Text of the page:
Headline »

| Comments Off on Brain differences in how obsessive-compulsive patients process uncertainty compared to controls

Stern, E., Welsh, R., Gonzalez, R., Fitzgerald, K., Abelson, J., & Taylor, S. (2013). Subjective uncertainty and limbic hyperactivation in obsessive-compulsive disorder. Human Brain Mapping. 34, 1956-1970. DOI: 10.1002/hbm.22038 …

Read the full story »
Decision Making
Statistics/Methods
Design Science
Brain Imaging
Psychology
Home » Brain Imaging, Decision Making, Featured, Headline, Psychology

Decisions to delay outcomes: The brain, subjective value and impulsivity

Submitted by No Comment

This study uses fMRI and a delay discounting task to examine the role of impulsivity in how we make decisions about getting something sooner versus something better later.

Sripada, C., Gonzalez, R., Phan, K. L. & Liberzon, I. (2011). The neural correlates of intertemporal decision-making: Contributions of subjective value, stimulus type, and trait impulsivity. Human Brain Mapping, 32, 1637-48.

doi:10.1002/hbm.21136 PDF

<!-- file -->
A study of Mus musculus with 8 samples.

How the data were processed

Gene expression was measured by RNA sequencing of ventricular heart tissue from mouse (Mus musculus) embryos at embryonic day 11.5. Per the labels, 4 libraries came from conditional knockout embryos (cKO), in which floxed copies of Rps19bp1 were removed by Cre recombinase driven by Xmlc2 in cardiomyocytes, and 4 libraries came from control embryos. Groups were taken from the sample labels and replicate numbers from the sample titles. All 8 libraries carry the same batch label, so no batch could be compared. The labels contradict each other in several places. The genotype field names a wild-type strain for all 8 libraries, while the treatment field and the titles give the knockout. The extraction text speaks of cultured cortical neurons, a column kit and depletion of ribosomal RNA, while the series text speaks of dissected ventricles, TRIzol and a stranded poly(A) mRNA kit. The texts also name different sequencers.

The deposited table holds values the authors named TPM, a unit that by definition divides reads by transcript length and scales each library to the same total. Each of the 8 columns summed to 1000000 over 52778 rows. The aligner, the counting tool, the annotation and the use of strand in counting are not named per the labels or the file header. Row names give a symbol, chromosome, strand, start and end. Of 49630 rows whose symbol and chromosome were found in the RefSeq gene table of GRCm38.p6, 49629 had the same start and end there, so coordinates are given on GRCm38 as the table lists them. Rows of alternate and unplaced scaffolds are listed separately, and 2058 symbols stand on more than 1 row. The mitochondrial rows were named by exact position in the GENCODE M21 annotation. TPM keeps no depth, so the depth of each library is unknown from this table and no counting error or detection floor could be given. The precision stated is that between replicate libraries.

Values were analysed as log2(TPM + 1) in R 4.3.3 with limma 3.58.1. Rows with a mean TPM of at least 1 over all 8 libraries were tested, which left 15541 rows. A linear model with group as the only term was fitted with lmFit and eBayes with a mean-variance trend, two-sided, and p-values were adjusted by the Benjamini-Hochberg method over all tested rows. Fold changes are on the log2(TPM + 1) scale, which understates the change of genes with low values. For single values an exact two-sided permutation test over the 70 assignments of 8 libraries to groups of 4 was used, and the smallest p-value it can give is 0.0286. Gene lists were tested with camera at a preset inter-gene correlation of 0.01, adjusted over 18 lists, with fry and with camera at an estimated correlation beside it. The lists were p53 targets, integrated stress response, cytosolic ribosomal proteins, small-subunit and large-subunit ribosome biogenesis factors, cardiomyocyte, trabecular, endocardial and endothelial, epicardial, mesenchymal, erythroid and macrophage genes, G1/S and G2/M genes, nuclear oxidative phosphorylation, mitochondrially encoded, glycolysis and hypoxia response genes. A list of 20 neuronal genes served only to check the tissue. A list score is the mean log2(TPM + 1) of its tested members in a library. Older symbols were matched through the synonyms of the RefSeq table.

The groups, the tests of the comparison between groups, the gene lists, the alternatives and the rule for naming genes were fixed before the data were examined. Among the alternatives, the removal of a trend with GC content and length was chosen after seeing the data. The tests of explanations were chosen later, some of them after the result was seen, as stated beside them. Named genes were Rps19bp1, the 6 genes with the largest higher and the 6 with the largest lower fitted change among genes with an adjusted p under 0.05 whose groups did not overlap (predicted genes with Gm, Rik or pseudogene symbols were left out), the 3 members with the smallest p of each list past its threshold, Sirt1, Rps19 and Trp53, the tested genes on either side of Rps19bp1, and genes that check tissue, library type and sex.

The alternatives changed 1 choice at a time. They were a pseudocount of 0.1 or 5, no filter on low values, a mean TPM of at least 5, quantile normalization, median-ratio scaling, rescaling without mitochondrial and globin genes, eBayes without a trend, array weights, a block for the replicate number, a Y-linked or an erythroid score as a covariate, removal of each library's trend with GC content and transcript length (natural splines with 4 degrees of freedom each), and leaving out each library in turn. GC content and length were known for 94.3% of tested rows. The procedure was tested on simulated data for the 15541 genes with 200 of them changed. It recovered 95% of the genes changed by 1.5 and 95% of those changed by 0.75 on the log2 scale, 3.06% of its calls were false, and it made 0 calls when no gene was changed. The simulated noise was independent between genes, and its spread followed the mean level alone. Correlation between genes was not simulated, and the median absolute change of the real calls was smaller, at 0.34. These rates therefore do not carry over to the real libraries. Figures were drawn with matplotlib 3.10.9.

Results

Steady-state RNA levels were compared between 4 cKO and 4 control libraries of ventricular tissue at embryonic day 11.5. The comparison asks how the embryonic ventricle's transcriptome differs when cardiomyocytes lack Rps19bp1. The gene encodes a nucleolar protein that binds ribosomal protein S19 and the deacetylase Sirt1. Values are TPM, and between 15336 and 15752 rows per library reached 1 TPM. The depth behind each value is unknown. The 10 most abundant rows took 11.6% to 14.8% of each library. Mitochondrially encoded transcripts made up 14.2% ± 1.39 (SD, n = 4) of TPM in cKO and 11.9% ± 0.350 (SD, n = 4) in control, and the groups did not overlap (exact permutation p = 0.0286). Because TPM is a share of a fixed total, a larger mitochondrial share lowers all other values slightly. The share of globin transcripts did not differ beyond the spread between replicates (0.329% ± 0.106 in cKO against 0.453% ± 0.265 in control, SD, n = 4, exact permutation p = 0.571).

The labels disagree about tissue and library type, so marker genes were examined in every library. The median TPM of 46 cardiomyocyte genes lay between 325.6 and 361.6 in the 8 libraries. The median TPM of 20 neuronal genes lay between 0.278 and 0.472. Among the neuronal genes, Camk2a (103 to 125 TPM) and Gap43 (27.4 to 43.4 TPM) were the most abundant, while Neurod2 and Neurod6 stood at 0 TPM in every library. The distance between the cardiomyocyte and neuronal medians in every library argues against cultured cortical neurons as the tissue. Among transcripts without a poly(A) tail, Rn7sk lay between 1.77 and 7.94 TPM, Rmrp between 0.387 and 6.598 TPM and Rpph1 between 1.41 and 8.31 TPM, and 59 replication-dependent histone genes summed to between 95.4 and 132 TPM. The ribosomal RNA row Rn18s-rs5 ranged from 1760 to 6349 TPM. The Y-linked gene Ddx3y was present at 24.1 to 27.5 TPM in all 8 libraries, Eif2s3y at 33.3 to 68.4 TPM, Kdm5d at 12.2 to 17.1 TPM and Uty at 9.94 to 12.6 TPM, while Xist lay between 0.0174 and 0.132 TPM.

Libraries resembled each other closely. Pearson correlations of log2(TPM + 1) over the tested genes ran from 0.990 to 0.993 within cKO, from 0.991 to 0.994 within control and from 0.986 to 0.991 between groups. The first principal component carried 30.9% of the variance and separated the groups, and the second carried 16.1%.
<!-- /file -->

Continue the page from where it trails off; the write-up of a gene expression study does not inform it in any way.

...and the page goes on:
Abstract

Making choices between payoffs available at different points in time reliably engages a decision-making brain circuit that includes medial prefrontal cortex (mPFC), posterior cingulate cortex (PCC), and ventral striatum (VS). Previous neuroimaging studies produced differing accounts of the functions of these regions, including that these regions: (1) are sensitive to the value of rewards discounted by a function of delay (’subjective value’); (2) are differentially sensitive to the availability of an immediate reward; and (3) are implicated in impulsive decision-making. In this event-related fMRI study of 20 volunteers, these hypotheses were investigated simultaneously using a delay discounting task in which magnitude of rewards and stimulus type, i.e., the presence or absence of an immediate option, were independently varied, and in which participants’ trait impulsivity was assessed with the Barratt Impulsiveness Scale. Results showed that mPFC, PCC, and VS are sensitive to the subjective value of rewards, whereas mPFC and PCC, but not VS, are sensitive to the presence of an immediate reward in the choice option. Moderation by individual differences in trait impulsivity was specific to the mPFC. Conjunction analysis showed significant overlap in mPFC and PCC for the main effects of subjective value and stimulus type, indicating these regions may serve multiple distinct roles during intertemporal decision-making. These findings significantly advance our understanding of the specificity and overlap of functions subserved by different regions involved in intertemporal decision-making, and help to reconcile conflicting accounts in the literature.